Posted on 7 August 2020
This is despite the sudden reduction of greenhouse gas emissions and air pollutants during lockdown having a negligible impact on holding down global temperature change.
The researchers warn that even with some lockdown measures staying in place to the end of 2021, without more structural interventions global temperatures will only be roughly 0.01°C lower than expected by 2030.
However, the international study estimates that including climate policy measures as part of an economic recovery plan with strong green stimulus could prevent more than half of additional warming expected by 2050 under current policies.
This would provide a good chance of global temperatures staying below the Paris Agreement’s aspirational 1.5˚C global warming limit and avoiding the risks and severe impacts that higher temperatures will bring.
The study analysed newly accessible global mobility data from Google and Apple. They calculated how 10 different greenhouse gases and air pollutants changed between February and June 2020 in 123 countries.
The team’s findings, published today in Nature Climate Change, detail how despite carbon dioxide (CO2), nitrogen oxides (NOx) and other emissions falling by between 10-30% globally, through the massive behavioural shifts seen during lockdown, there will be only a tiny impact on the climate, mainly because the decrease in emissions from confinement measures is temporary.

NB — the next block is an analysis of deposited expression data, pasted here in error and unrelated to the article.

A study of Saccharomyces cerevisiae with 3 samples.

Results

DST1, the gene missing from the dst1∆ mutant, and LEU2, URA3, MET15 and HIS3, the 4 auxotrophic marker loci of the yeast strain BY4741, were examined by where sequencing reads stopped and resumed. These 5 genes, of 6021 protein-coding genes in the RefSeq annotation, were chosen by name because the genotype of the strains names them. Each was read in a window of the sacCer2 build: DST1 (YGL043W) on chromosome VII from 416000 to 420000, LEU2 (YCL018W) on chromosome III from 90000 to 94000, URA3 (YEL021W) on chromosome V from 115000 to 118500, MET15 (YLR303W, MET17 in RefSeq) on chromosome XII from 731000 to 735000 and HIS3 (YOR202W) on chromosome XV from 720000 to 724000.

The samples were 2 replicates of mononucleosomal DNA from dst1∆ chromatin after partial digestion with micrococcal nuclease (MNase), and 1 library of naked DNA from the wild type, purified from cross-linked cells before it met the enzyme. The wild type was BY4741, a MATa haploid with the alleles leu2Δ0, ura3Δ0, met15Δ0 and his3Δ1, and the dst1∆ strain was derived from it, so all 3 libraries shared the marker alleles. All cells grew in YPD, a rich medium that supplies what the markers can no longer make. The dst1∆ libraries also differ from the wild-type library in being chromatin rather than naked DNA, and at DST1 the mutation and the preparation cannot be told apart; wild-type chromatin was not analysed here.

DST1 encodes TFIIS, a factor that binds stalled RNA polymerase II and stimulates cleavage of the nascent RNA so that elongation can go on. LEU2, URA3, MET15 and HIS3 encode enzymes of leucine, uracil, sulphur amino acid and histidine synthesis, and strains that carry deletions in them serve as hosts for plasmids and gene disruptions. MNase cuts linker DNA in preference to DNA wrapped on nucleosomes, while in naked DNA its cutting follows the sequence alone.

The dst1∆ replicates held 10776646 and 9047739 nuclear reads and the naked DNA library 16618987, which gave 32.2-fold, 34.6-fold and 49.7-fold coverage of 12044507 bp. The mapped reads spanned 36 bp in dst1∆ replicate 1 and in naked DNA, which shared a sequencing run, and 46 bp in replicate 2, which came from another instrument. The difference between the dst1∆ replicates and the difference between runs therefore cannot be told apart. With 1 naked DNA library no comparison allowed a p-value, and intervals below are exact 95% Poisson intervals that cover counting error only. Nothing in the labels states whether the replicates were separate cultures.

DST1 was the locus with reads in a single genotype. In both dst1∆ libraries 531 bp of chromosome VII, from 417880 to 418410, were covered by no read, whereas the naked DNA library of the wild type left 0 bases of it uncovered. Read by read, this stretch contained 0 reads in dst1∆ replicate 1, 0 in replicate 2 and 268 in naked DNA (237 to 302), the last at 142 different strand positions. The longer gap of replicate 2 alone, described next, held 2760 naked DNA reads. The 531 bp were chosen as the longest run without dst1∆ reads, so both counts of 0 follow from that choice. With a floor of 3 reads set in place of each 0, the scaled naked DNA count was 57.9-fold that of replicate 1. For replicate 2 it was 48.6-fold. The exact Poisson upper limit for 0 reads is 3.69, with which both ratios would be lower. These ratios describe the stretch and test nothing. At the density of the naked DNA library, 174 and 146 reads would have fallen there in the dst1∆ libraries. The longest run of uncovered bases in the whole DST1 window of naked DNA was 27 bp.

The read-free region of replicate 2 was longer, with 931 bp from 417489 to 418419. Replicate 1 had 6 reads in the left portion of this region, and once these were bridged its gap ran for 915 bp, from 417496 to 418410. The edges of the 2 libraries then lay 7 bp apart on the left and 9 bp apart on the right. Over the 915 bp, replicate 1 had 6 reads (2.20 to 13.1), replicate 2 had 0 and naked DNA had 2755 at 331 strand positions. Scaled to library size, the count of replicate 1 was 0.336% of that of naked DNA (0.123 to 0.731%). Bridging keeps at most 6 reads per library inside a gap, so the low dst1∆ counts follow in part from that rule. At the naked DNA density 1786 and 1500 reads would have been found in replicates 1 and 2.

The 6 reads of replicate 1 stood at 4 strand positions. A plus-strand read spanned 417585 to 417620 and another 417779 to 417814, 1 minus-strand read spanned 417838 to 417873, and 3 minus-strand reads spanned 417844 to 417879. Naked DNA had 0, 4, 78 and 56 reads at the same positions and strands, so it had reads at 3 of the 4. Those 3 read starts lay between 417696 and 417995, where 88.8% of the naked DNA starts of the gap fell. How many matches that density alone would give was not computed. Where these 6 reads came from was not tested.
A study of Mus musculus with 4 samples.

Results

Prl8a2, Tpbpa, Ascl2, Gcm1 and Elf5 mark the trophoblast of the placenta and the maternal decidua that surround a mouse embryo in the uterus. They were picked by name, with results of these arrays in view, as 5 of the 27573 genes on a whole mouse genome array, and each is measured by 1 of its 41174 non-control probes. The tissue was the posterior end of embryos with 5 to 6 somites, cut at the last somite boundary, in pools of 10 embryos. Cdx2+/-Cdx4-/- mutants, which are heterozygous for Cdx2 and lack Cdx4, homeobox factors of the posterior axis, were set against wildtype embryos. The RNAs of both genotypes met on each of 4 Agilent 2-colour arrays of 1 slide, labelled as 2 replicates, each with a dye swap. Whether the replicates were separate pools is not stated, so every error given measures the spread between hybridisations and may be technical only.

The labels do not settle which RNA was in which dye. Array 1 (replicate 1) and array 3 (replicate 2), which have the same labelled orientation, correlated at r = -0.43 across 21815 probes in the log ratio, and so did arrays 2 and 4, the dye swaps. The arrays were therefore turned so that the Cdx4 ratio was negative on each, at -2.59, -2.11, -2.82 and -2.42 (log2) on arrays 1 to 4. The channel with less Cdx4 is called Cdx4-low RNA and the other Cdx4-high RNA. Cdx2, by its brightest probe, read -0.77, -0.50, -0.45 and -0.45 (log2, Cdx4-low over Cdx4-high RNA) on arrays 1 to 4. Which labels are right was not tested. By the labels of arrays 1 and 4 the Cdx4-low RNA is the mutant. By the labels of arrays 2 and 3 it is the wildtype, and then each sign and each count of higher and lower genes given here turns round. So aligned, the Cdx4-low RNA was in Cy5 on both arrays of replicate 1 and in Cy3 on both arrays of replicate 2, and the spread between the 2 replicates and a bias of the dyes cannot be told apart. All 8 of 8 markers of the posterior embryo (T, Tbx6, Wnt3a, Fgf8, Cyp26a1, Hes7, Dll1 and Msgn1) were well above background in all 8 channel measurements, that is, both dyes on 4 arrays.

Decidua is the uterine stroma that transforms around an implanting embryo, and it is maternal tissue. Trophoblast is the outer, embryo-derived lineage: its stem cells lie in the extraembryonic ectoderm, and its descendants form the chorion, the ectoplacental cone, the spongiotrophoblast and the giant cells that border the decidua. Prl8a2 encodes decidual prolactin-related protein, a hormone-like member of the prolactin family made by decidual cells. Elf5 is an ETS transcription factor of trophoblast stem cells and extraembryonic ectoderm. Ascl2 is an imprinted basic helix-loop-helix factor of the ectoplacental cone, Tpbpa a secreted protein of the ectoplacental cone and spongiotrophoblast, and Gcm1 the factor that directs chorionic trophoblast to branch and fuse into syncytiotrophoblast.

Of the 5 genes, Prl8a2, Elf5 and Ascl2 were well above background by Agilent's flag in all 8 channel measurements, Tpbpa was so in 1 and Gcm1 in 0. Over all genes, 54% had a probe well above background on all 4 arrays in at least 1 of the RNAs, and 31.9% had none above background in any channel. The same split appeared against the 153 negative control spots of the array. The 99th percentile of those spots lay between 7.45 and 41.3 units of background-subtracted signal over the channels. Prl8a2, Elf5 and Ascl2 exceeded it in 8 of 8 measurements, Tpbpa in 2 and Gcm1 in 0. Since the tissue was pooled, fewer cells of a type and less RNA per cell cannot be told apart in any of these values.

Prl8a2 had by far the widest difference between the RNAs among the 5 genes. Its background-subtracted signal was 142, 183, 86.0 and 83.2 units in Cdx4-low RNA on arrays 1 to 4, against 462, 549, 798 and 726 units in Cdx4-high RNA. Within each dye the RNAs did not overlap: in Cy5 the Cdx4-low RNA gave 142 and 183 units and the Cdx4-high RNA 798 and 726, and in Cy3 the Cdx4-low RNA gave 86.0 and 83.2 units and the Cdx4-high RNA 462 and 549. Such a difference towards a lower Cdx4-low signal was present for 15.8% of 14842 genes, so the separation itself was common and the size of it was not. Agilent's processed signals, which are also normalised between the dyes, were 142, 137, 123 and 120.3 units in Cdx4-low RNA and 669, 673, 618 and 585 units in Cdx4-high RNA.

The researchers also modelled options for post-lockdown recovery, showing that the current situation provides a unique opportunity to implement a structural economic change that could help us move towards a more resilient, net-zero emissions future.
Study lead author, Professor Piers Forster, director of the Priestley International Centre for Climate at Leeds University, said: “The choices made now could give us a strong chance of avoiding 0.3˚C of additional warming by mid-century, halving the expected warming under current policies. This could mean the difference between success and failure when it comes to avoiding dangerous climate change.
“The study also highlights the opportunities in lowering traffic pollution by encouraging low emissions vehicles, public transport and cycle lanes. The better air quality will immediately have important health effects - and it will immediately start cooling the climate.”
Study co-author Professor Mathew Evans, from Wolfson Atmospheric Chemistry Laboratories, University of York and the National Centre for Atmospheric Science, said: “The analysis of air quality observations from around the world showed us that the emissions reductions captured by Google and Apple’s mobility data were pretty close to those actually being experienced.”
The paper Current and future global climate impacts resulting from COVID-19 is published in Nature Climate Change.